Improving Access to Federal Grant Funding

At the 2024 National Grants Management Association Annual Grants Training, GrantSolutions Federal lead Yuliana Bruister sat down with representatives from the U.S. Department of Health and Human Services (HHS), Department of Justice (DOJ), Department of Labor (DOL), and Department of Agriculture (USDA) to discuss how their programs are improving access to Federal grant funding.

Many of the grant accessibility strategies implemented within these agencies focus on simplifying language, standardizing data, and prioritizing outreach to underserved populations.

User-Friendly Interfaces and Easy-to-Understand Opportunities

For example, Renee Cooper at HHS highlighted the initiative to re-design the workspace into a user-friendly resources hub with helpful imagery and plain language. Renee also mentioned that HHS is working to simplify its Notice of Funding Opportunities (NOFOs). “This means reducing the number of pages in a NOFO, reducing the number of words, and clarifying the information. We’re doing this with the goal of ensuring applications are value-based around a program and the needs of a community, “ Renee shared. According to Renee, HHS has already piloted four NOFOs that incorporate this approach to their content.

Advantages of Common Data Standards

Panelists agreed that common data standards improve how grants management systems operate, reduce administrative burden on applicants, and increase transparency around how programs are doing and how tax dollars are used. Renee stated: “If we get to a place where Federal agencies use common data standards, we can better tell the stories of how investments are working in our states and local jurisdictions.” On top of that, she indicated how standardized data allows for an easier recipient experience as they navigate across different grants management systems and Federal agencies.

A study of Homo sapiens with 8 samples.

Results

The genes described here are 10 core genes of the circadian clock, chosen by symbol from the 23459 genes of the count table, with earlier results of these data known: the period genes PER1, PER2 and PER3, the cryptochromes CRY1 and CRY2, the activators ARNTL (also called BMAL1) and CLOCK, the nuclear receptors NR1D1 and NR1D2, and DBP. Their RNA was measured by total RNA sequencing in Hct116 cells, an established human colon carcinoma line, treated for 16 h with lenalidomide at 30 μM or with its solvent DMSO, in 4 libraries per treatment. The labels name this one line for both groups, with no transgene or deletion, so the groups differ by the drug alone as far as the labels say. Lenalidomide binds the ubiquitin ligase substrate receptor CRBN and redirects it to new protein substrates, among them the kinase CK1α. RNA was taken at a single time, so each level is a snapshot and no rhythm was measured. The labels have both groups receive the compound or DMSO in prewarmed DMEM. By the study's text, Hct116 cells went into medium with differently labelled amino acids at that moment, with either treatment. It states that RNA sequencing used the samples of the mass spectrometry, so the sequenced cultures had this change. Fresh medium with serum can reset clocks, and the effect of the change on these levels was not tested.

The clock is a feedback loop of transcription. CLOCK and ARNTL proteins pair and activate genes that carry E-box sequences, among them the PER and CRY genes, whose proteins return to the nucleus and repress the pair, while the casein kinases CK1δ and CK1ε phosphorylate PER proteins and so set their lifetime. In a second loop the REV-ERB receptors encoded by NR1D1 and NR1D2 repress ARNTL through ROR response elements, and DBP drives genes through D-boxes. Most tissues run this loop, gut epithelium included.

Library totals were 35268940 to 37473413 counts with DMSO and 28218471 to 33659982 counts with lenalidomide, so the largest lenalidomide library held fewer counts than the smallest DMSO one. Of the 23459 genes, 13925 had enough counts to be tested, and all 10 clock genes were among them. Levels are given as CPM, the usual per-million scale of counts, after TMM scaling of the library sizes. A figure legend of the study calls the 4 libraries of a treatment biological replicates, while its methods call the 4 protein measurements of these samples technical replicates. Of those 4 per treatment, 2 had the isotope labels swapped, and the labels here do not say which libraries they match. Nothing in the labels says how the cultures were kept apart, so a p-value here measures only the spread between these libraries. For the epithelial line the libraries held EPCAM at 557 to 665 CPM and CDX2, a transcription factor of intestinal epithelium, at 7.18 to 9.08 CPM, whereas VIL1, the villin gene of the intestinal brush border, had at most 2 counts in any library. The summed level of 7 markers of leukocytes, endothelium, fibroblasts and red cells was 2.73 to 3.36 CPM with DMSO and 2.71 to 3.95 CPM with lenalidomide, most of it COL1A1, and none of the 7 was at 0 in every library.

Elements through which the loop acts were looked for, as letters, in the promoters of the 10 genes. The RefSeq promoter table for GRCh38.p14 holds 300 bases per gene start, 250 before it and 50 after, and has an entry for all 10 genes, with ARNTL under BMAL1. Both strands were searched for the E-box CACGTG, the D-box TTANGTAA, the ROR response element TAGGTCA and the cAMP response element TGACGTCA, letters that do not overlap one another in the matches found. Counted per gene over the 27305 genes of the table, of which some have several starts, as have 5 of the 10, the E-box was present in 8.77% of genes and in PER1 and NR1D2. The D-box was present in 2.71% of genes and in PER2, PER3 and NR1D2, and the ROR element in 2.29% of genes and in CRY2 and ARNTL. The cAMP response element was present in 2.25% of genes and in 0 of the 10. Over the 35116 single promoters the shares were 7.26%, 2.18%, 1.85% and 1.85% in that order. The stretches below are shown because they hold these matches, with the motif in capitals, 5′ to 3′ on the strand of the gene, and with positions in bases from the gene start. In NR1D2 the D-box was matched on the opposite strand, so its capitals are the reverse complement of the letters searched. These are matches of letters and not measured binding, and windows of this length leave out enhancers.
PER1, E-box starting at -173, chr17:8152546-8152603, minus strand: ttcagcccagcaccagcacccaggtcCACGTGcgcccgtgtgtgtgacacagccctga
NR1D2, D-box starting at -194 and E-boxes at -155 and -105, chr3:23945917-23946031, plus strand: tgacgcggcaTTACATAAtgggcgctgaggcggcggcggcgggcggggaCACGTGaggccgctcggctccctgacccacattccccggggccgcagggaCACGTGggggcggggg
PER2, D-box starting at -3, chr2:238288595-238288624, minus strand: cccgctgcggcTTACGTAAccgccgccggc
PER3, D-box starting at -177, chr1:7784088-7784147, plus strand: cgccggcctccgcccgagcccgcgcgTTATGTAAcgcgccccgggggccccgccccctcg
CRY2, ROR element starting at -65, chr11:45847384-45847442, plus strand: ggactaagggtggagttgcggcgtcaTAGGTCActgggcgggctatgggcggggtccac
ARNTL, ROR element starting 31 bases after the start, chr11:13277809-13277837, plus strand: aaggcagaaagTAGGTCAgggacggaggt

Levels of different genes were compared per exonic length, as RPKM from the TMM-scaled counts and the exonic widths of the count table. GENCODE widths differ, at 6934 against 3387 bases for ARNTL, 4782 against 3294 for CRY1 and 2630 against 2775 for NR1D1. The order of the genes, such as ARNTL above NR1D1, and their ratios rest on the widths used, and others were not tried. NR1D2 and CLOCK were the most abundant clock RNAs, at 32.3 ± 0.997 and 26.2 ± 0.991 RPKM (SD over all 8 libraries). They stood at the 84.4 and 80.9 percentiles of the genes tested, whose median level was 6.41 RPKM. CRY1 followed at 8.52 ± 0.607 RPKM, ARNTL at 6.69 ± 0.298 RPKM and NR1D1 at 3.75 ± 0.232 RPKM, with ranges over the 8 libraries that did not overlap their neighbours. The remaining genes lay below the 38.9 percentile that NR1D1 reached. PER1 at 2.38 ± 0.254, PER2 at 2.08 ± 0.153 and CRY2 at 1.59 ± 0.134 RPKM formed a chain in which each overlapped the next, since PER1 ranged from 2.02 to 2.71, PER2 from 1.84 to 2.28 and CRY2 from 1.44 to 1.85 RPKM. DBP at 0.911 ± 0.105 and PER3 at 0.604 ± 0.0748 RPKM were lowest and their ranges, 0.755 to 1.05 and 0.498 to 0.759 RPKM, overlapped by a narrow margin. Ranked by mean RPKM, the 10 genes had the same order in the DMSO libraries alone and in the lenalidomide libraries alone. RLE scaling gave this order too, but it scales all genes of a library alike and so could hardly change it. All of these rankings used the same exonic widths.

Engaging Diverse Applicants

Based on the discussion, Federal agencies see engaging diverse grant applicants as a key priority as they work towards serving populations with the highest need. One example mentioned was USDA’s national agriculture survey that provided demographics of farmers across the country and resulted in the agency setting aside a percentage of awards for veterans and socioeconomically disadvantaged communities. Chelsea Cole from USDA also shared that the agency has invested just under $4 billion in broadband access for rural areas. “This example shows how we are actually connecting people to be able to access something,” Chelsea said.

Notably, DOL stated that 30% of its grant recipients last year were new and had never received funding from DOL before. This was attributed to outreach efforts that utilized data to illustrate where programs and services would have the greatest impact.